The harvest time for tea leaves depends largely on the region in which they are being grown, and can also vary from season to season in regards to the fluctuations in weather.
Timing the harvest is of the utmost importance because it can take only a few days for a bud to appear, open up and grow into a large leaf. If the optimal harvest time is missed a whole crop can be destroyed.
This is mainly due to the fact that a specific style of tea may require the use of only the buds, or that only a certain number of buds be picked after they open. If there is a period of dormancy, due to cool weather, the first new shoots after this period are of the highest quality, making them the most sought after and usually the most expensive.
The reason for this increase in quality is that they have been building up nutrient reserves over this period for the new leaves. When those new leaves bloom, it’s like a burst of “Super-charged” leaves.
Several growing regions have names for the first harvest of tea leaves. In India and Nepal, it is called the “first flush”, in China, these harvests are known as “Pre-Qing Ming” teas, in Japan they are referred to as “Shincha” and in South Korea, Ujeon.”
Each growing region also has a special set of terms for referring to a period of growth in the tea plant. In China, Taiwan and South Korea, the terms used to signify tea harvests are dates in the traditional East Asian Lunisolar Calendar.
Here is a guide to the harvest seasons for the world’s major specialty tea producers:
India, Nepal and Sri Lanka Tea Harvest
Darjeeling, India and Nepal – The Darjeeling and Napoli harvest period lasts from late March to early November and is broken up into 4 parts: first flush, second flush, monsoon flush and autumnal flush. Sometimes, the plants will continue to flush past November and this is usually called a winter flush.
First Flush: March – April
Second Flush: May – June
Monsoon Flush: July – August
Autumnal Flush: October – November
Nigari India and Sri Lanka – Since there isn’t a cold season in the southernmost growing regions like Nigari in South India and Sri Lanka, tea plants can be harvested throughout the year.
Assam India – Assam, like Darjeeling, are usually harvested from March to October. The higher quality teas are harvested during the two distinct growth periods of the first and second flush. The first flush begins in March and the second in June.
China and Taiwan – In China and Taiwan, the harvest season varies greatly between the different growing regions and elevations in the countries. However, in general the harvest season can begin as early as April and last until late November.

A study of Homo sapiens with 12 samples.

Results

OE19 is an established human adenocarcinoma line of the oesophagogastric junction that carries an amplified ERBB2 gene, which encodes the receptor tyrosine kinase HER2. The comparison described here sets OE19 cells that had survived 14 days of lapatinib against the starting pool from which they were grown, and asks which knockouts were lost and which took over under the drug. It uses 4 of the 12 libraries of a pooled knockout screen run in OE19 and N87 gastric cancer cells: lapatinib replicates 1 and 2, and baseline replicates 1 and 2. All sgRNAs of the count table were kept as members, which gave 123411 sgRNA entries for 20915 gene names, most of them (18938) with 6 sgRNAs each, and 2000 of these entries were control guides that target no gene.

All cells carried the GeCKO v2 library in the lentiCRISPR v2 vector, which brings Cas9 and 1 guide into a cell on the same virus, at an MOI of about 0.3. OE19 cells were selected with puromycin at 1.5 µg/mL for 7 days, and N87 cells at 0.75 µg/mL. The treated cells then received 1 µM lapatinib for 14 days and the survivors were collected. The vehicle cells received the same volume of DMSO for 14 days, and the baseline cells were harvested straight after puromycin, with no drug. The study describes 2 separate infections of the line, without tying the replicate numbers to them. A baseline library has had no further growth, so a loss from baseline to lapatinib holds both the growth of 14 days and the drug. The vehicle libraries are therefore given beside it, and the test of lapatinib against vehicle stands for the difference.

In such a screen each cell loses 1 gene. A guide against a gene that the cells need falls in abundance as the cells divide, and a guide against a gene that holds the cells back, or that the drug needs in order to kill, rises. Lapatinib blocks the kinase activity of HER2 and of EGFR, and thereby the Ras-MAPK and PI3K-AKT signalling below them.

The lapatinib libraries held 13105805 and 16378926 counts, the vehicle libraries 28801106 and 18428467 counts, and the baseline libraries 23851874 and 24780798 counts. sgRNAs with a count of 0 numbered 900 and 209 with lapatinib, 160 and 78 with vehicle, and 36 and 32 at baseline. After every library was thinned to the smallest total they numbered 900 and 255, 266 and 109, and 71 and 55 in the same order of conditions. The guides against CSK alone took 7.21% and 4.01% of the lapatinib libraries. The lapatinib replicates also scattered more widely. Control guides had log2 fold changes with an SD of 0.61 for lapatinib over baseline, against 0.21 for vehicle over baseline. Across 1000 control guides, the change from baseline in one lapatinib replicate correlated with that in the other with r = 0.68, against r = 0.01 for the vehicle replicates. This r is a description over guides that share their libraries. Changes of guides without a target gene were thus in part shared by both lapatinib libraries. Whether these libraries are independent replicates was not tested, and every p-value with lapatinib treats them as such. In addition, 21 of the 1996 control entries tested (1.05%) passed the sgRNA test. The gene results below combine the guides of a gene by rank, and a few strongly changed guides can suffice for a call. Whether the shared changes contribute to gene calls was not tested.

The harvest season in these regions are:
Qing Ming (clear bright): This is tea picked before April 4-6
Yu Qian (before the rains): Tea picked before April 20
Gu Yu (grain rain): Tea picked before May 5
Li Xia (start of summer): tea picked before May 21
Japan’s harvest season also varies by region, but typically begins in late April and ends in early October.
Japan’s harvest periods include:
Shincha (new tea): this is the name given to the first harvest of the year.
Ichibancha (first tea): this refers to the whole first harvest season, including shincha and usually occurs from late April to May.
Nibancha (second tea): This refers to the second harvest of the year that takes place from June to the end of July.
Sanbancha (third tea): The third harvest of the year taking place in August.
Yonbanchi (fourth tea): This is the fourth harvest of the year which can take place as late as October in some regions.
The growing seasons in South Korea correspond to dates on the lunisolar calendar. It’s important to know that in South Korea, different grades of tea are harvested during different times so the harvest period is defined by the grade of tea picked during that time.
Here are the different harvesting periods in South Korea:
Ujeon (before the rain): This is tea picked before April 20 which corresponds with Gogu on the lunisolar calendar.
Sejak (small sparrow): Tea picked before May 5-6 which corresponds to Ipha on the the lunisolar calendar.
Jungjak (medium sparrow): This is tea picked around May 20-21 which corresponds to Soman on the lunisolar calendar.
Daejak (large sparrow): This harvest period refers to lower quality large leaves tea picked during the summer.
Due to the lack of a cold season in the East African countries of Kenya, Malawi, Mozambique, Uganda, Rwanda, Zimbabwe, Burundi and Ethiopia, tea is able to be harvested year around. Peak tea production coincides with the rainy seasons.